Injuries from zip line accidents have soared along with the popularity of an activity that hurtles riders through the air, sometimes at dizzying heights above ground, a study of U.S. emergency room data shows.
Over 16 years, nearly 17,000 people were treated for zip line-related injuries including broken bones, cuts and sprains; most occurred in the last four years of the 1997-2012 study. It's the first national look at zip line injuries and highlights a need for better regulation and uniform safety standards, the researchers say.
The study was published Monday in the American Journal of Emergency Medicine. Deaths were not included — there have been at least six nationwide this year, most from falls.
The researchers analyzed a national injury database operated by the Consumer Product Safety Commission. Their study covers the early years of commercial zip lines, which now number more than 200 nationwide. There are thousands more "amateur" zip lines, located in backyards, summer camps and schools.
Most injuries occurred at commercial courses, camps and other non-residential places. About 30 percent were from zip lines in backyards or farms. These are sometimes do-it-yourself kits bought online, may be improperly installed and should be avoided, the researchers said.
The annual injury rate for all zip lines climbed from almost 8 per 1 million U.S. residents in 2009 to nearly 12 per 1 million in 2012. Causes included falls, collisions and slamming into objects at the end of the course. Injuries were most common in children and teens.
Almost 12 percent of injuries resulted in hospital stays, a worrisome rate much higher than more conventional sports, said co-author Tracy Mehan of the Research Institute at Nationwide Children's Hospital in Columbus, Ohio.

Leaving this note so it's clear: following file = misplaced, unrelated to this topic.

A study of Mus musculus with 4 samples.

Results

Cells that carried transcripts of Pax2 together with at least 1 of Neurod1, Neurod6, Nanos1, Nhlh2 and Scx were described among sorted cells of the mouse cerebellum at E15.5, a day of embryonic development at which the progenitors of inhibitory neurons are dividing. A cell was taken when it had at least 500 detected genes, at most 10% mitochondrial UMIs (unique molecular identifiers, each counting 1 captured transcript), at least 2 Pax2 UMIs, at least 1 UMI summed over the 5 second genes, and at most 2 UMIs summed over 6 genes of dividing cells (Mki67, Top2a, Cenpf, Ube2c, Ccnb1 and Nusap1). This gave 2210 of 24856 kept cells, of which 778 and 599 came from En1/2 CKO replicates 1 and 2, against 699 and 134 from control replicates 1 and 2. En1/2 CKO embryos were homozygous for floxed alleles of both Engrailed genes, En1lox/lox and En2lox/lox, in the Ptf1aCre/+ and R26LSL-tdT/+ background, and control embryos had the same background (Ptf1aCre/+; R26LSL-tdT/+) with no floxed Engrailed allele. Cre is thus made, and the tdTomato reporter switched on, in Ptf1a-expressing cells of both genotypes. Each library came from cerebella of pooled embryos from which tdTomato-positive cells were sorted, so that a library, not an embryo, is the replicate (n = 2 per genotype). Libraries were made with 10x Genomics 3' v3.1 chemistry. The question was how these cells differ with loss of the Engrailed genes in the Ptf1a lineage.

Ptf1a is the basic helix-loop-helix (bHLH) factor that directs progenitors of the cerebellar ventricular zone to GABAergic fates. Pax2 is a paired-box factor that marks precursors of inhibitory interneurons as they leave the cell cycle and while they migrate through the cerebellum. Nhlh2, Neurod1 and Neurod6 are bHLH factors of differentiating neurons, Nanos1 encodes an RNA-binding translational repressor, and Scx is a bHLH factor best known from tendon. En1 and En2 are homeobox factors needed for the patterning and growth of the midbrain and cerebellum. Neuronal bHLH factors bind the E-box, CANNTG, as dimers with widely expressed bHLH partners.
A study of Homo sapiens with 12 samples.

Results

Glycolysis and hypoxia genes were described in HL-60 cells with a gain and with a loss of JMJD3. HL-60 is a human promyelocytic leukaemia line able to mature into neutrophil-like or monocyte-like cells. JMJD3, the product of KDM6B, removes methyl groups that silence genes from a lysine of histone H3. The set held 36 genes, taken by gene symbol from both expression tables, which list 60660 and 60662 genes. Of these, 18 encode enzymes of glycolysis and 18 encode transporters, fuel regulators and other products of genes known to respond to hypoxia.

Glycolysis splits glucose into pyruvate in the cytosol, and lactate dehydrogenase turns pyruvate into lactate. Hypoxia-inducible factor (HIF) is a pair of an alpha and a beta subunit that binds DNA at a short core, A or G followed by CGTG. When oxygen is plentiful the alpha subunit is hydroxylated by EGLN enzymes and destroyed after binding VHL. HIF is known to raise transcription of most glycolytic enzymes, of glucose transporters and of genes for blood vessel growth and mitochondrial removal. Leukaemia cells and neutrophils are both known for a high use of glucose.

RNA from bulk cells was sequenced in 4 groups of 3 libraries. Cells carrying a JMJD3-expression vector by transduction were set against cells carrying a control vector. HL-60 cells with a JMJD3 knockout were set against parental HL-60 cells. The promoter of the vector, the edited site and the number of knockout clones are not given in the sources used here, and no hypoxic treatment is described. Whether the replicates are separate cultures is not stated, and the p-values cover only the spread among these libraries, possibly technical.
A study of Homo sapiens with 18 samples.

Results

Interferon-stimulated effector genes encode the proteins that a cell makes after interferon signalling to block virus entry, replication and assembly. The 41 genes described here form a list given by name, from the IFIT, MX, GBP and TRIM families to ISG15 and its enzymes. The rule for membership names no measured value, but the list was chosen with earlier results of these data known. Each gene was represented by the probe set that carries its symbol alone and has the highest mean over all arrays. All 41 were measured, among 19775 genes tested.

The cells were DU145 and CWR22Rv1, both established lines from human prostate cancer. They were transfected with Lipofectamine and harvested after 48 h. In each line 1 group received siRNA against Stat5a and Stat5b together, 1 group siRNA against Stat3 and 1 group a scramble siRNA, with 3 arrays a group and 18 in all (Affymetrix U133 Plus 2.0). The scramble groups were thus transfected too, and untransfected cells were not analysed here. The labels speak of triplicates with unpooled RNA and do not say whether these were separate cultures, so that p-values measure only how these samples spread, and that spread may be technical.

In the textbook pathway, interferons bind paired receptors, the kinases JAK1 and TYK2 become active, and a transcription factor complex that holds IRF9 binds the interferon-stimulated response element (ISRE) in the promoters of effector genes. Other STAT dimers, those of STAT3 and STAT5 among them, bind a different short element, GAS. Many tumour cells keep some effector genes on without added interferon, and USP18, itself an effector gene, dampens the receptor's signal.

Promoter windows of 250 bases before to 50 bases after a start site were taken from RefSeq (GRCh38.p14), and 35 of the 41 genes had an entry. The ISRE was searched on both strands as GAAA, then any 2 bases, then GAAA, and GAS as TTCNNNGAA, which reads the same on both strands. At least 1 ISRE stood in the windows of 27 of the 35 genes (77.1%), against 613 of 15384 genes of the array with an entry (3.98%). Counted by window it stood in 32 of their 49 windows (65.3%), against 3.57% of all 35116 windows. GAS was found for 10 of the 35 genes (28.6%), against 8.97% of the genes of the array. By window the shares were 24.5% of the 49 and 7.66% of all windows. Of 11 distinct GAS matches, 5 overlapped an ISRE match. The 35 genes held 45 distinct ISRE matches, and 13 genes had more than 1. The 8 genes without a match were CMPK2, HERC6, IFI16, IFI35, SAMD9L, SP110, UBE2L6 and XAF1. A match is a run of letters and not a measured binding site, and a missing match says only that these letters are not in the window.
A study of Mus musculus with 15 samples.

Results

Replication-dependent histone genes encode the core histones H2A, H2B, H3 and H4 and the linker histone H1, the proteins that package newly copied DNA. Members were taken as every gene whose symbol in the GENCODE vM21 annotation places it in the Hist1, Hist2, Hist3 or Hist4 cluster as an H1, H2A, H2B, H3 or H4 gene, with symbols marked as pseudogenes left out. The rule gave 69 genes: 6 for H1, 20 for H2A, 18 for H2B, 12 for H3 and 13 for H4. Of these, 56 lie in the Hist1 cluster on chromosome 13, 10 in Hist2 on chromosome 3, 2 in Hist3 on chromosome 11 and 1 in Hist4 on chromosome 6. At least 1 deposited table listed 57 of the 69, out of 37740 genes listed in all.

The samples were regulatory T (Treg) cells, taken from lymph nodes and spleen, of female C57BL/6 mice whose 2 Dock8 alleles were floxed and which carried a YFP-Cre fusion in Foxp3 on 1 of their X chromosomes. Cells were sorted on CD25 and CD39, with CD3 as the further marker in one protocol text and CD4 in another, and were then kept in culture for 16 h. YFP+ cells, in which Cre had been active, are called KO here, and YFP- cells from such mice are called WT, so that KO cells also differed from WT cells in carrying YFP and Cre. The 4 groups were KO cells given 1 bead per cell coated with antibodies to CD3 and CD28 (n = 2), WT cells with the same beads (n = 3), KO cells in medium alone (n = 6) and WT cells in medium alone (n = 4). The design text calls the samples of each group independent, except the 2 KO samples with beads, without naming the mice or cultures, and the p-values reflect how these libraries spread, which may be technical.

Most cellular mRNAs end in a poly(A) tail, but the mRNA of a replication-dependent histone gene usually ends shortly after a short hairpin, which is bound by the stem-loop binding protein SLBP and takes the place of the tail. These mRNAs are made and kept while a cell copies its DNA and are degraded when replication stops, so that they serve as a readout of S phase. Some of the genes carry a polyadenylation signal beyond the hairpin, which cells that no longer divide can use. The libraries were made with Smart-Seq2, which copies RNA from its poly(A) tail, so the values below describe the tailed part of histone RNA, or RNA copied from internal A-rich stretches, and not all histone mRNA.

STANDARDS & REGULATION
Industry groups have adopted voluntary safety standards typically involving equipment, maintenance and worker training, but they vary and are not uniformly followed. Insurance providers generally require operators to adhere to some of these standards, and several states have adopted safety regulations. But Mehan said a uniform set of safety standards and effective oversight is needed.
Industry representatives say the study is alarmist and that zip lines are safer than driving a car.
Mike Barker, vice president of the Professional Ropes Course Association, said his group has strict safety standards that recommend that courses be routinely examined by independent inspectors. He said reasons for injuries and deaths include user or operator error and equipment malfunction.
James Borishade, executive director of the Association for Challenge Course Technology, said no activity is risk-free and that zip line operators "are working to minimize that risk."
—Check the Better Business Bureau and online reviews to find a reputable operator
—Ask operators if they follow any industry safety standards and avoid those that don't.
—Ask to see inspection or maintenance reports, and inquire about staff training.
—Always wear safety equipment provided including body harnesses, helmets and gloves.
—Don't readjust harnesses after guides have secured them.
—Listen closely and follow guides' instructions.